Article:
There’s no good place to get eczema. That itchy skin inflammation can rear its flaky head almost anywhere on the body. But getting eczema on your lips is especially irritating.
It’s the kiss of death for any planned macking sessions, in addition to being unsightly and painful. Plus, it makes a mockery of your feeble attempts to attack it with Chapstick.
We peel off the truth about lip eczema.
There are seven types of eczema, and some of the names are quite the mouthful:
- atopic dermatitis
- contact dermatitis
- dyshidrotic eczema
- nummular eczema
- seborrheic dermatitis
- stasis dermatitis
Contact dermatitis most often affects the lips, but atopic dermatitis can occur here, too. When it hits your kisser, it’s called lip dermatitis, or eczematous cheilitis. (Seriously, just call it lip dermatitis though, it’s annoying enough as it is.)
Common symptoms of lip eczema are:
- red, gray, purple, or dark brown patches, depending on your skin tone
- dry and flaky skin
- skin splitting or scaling
These symptoms are more likely to occur on the skin of your lips than on the mucous membranes inside your mouth.
The three types of lip eczema include:
- Irritant contact dermatitis. This occurs when you put something irritating on your lips or — in the case of chronic lip-licking — doing something irritating to your lips.
- Allergic contact dermatitis. This happens when an allergen touches your lips. This type of lip eczema is more common among females, possibly due to the use of cosmetics.
- Atopic dermatitis. This type of eczema is chronic. It causes skin to have problems containing moisture, leading to an increased risk of dryness, oozing, and infection.
And there are three types of cheilitis to match the three eczema types, like a matching hat and booties on a chihuahua, but more flaky and irritating.
- Allergic contact cheilitis. This causes patchy reddening and peeling of the skin on the lips, which may spread to nearby skin as well. Burning, tenderness, and itching may also occur.
- Irritant contact cheilitis. This type tends to be itchier than others, but also can cause burning and blistering.
- Atopic cheilitis. This more commonly features dryness, scaling, and cracking in addition to possible redness.
This is what eczema on the lips looks like:
Cheilitis is the cheerless term for inflammation of the lips, including lip eczema.
Eczematous cheilitis typically occurs after contact with allergens and irritants, while other types of cheilitis can be the result of anything from drug use and infections to immune or vitamin deficiencies. Even exposure to cold or biting or picking at your lips can cause lip eczema.
Allergens and irritants that can trigger eczema on the lips, aka eczematous cheilitis, include:
Surprise — if you already have atopic dermatitis elsewhere on your body, you’re far more likely to develop lip eczema, too.
If you have a history of allergies, you’re also more at risk of having an allergic reaction that can trigger lip eczema.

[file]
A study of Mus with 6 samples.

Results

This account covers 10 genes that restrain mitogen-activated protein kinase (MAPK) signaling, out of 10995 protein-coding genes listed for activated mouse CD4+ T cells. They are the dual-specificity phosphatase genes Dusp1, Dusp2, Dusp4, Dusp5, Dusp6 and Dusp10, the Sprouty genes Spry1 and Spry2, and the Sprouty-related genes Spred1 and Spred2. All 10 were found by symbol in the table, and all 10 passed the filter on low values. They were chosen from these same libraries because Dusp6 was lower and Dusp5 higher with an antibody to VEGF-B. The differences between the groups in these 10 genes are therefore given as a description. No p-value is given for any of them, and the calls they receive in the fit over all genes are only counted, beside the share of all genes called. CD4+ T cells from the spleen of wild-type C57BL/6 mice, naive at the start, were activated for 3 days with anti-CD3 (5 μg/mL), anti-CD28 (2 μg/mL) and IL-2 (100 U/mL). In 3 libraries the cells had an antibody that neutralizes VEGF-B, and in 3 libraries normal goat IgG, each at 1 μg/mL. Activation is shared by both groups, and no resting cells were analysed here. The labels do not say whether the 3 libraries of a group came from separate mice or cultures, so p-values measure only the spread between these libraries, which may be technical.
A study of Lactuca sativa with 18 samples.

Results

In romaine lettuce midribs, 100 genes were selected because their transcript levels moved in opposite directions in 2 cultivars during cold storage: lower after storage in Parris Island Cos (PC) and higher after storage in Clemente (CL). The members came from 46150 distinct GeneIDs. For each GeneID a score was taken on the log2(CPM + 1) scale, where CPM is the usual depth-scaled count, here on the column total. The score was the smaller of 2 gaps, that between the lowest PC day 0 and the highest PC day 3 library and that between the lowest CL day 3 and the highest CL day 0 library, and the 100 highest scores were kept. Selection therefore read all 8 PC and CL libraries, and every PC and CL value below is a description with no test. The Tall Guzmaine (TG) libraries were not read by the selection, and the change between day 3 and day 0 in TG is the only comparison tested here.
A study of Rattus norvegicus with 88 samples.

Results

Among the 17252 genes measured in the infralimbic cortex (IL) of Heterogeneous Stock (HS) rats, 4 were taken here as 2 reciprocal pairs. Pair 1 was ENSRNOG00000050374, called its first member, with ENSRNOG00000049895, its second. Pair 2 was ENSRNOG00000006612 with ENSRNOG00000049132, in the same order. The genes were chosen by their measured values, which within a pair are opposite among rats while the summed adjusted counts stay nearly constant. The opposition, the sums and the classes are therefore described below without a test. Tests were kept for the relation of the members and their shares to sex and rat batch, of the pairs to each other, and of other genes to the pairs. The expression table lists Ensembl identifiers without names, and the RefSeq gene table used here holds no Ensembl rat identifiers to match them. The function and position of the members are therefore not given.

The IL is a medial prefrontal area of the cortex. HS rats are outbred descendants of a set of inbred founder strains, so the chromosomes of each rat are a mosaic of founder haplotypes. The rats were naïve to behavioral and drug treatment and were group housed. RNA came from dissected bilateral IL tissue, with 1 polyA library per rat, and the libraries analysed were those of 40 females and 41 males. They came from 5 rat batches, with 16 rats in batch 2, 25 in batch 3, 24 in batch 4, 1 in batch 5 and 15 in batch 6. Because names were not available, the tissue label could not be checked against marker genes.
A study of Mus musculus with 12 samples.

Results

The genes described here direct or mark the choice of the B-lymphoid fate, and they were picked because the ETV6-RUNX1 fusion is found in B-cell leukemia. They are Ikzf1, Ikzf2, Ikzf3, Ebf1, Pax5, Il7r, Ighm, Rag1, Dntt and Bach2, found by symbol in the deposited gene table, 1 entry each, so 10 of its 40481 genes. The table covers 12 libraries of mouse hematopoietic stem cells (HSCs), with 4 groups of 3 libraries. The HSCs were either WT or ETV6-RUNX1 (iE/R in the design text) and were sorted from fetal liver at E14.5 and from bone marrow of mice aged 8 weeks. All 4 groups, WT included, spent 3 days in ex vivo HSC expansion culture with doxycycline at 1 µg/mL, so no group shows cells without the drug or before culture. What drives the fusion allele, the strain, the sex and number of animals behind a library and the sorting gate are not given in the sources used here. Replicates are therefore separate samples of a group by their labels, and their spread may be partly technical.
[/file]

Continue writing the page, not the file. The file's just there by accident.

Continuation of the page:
Since lip eczema is often an allergic form of cheilitis, it’s obviously best to avoid putting anything you know you’re allergic to in or around your mouth.
Also, just avoid habitually putting odd things, like pencils or nails (!), in your mouth in general.
Cosmetic ingredients known to trigger lip eczema include:
- cosmetic sensitizers (fragrances, Balsam of Peru, and nickel)
- lipstick ingredients, like ricinoleic acid (castor oil)
- resins like rosin and shellac
- ozonated olive oil
If there’s one reason to smile about lip eczema through your cracked lips, there’s this: Unlike some other types of cheilitis, eczematous cheilitis tends to be acute, not chronic.
Plus, it’s treatable. Not only that, but lip eczema often clears up without treatment once you remove the triggering allergen or irritant.
Combining a low-to-medium-intensity topical steroid like hydrocortisone cream with medical emollients can help treat lip eczema. Antihistamine drugs can relieve the symptoms of allergic or contact eczema on the lips.
Avoid scratching, picking at, or licking your lips. If your lips feel dry, try some petroleum jelly or lip balm. Just make sure it’s not one that you’re allergic to — even some “natural” products, like those containing beeswax, have been known to trigger lip eczema in some people.
Your doctor may prescribe stronger topical steroids to treat lip eczema, or drugs called topical calcineurin inhibitors (TCIs) that can relieve redness and itching.
A prescribed topical steroid, crisaborole (Eucrisa), has been available since 2016. This helps reduce redness, itching, and inflammation if atopic dermatitis is behind your lip eczema. However, doctors only prescribe it for people with mild to moderate atopic eczema.
In extreme cases, a potent oral steroid may be necessary to treat lip eczema.
Biologic drugs, immunosuppressants, and light therapy need a prescription as well.
The three types of lip eczema have pretty similar symptoms.
A skin examination by a dermatologist or allergy specialist, along with an allergic patch test, is necessary to diagnose which particular nasties have your lips in an uproar.
Metals, fragrances, antioxidants, and preservatives tend to be the most common culprits causing lip eczema.
Commonly confused conditions
It’s easy to confuse chapped lips and other forms of cheilitis with lip eczema.
Lip eczema can be caused by irritation or an allergic reaction to something you put on your lips or in your mouth, as well as coming into contact with these substances in other parts of your body.
Common symptoms include redness or rash and dry, itchy, flaky, and cracked skin. Lip eczema often clears up once the offending substance is removed, but also can be treated with medication or even home remedies.